Florida residents may soon have the option to purchase license plates that display and represent their faith, thanks to a new measure currently under review in the Florida legislature.
Under the new legislation, residents will be able to purchase license plates engrained with the words "I Believe" alongside the image of a cross and stained glass church window.
Democratic Rep. Ed Bullard, one of the bill's sponsors, was among those who showered praise for the measure, noting that it would give residents more freedom to choose from a variety of the current over 100 different license plate options available in the state of Florida.
"They may not be into the manatee, they may not be into Challenger," Bullard said, speaking of the other license plate options available to state residents.
"That segment (Christians), which is a large segment of the population, can now get a tag that they like and can express their beliefs," he said.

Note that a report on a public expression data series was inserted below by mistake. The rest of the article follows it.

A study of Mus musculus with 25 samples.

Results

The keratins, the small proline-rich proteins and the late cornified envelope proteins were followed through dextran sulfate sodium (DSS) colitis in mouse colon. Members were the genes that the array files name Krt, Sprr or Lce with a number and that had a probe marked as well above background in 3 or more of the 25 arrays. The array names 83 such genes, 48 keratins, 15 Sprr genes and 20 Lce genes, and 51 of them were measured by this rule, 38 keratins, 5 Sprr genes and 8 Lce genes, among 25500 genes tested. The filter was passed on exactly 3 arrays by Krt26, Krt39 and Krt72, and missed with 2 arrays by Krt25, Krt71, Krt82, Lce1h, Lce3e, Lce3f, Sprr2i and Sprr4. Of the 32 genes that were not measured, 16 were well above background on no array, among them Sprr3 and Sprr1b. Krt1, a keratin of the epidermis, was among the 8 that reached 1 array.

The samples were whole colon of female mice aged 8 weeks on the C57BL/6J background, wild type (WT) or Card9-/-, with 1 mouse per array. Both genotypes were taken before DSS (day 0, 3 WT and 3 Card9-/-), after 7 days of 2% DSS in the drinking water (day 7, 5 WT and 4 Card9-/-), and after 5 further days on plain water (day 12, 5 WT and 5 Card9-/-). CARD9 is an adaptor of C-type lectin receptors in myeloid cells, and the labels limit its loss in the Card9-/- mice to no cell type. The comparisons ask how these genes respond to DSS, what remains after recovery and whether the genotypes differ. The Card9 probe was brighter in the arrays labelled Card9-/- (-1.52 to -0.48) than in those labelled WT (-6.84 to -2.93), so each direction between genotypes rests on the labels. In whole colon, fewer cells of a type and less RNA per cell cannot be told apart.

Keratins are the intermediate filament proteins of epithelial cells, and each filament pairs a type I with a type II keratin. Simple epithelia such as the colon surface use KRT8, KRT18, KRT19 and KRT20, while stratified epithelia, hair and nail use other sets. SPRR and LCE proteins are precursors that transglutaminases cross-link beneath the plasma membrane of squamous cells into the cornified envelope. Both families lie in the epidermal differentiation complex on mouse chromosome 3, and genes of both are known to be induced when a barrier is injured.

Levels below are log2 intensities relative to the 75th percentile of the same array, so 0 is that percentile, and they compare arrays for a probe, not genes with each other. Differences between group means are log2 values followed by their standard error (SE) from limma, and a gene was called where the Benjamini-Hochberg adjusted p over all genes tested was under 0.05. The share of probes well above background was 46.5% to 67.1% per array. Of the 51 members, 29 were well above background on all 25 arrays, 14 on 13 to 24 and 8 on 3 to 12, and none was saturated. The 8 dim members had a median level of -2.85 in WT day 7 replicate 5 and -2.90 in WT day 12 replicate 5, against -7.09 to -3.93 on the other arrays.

Under current Florida laws, any resident can choose to purchase a special license plate for a fee of $25.
Though the bill seems likely to pass, it has not, however, been without critics.
Howard Simon, executive director of the ACLU of Florida, was among those who slammed the bill, calling it "crazy" and a clear violation of church and state.
"Maybe at this point the Legislature should begin rethinking whether a message on a state-manufactured plate, whether `I support panthers' or 'I'm a Christian,' might be better on a bumper sticker," Simon said, according to The Miami Herald.
Republican Sen. Mike Fasano, however, countered criticism of the new bill, noting that the law already allows drivers to purchase individual license plates, and that license plates displaying crosses with an "I Believe" tag would be no different than what residents already have available to them.
"That's that the option of every driver who owns a vehicle. They can decide if they want to have a license plate with a cross in front of a stained-glass window. It's not different from choosing a Choose Life license plate or a manatee license pate or a Florida State University or University of Florida license plate," Fasano said, according to The Miami Herald.
All extra money raised from the sale of "I Believe" license plates will help fund non-profit organizations in Orlando, Fla.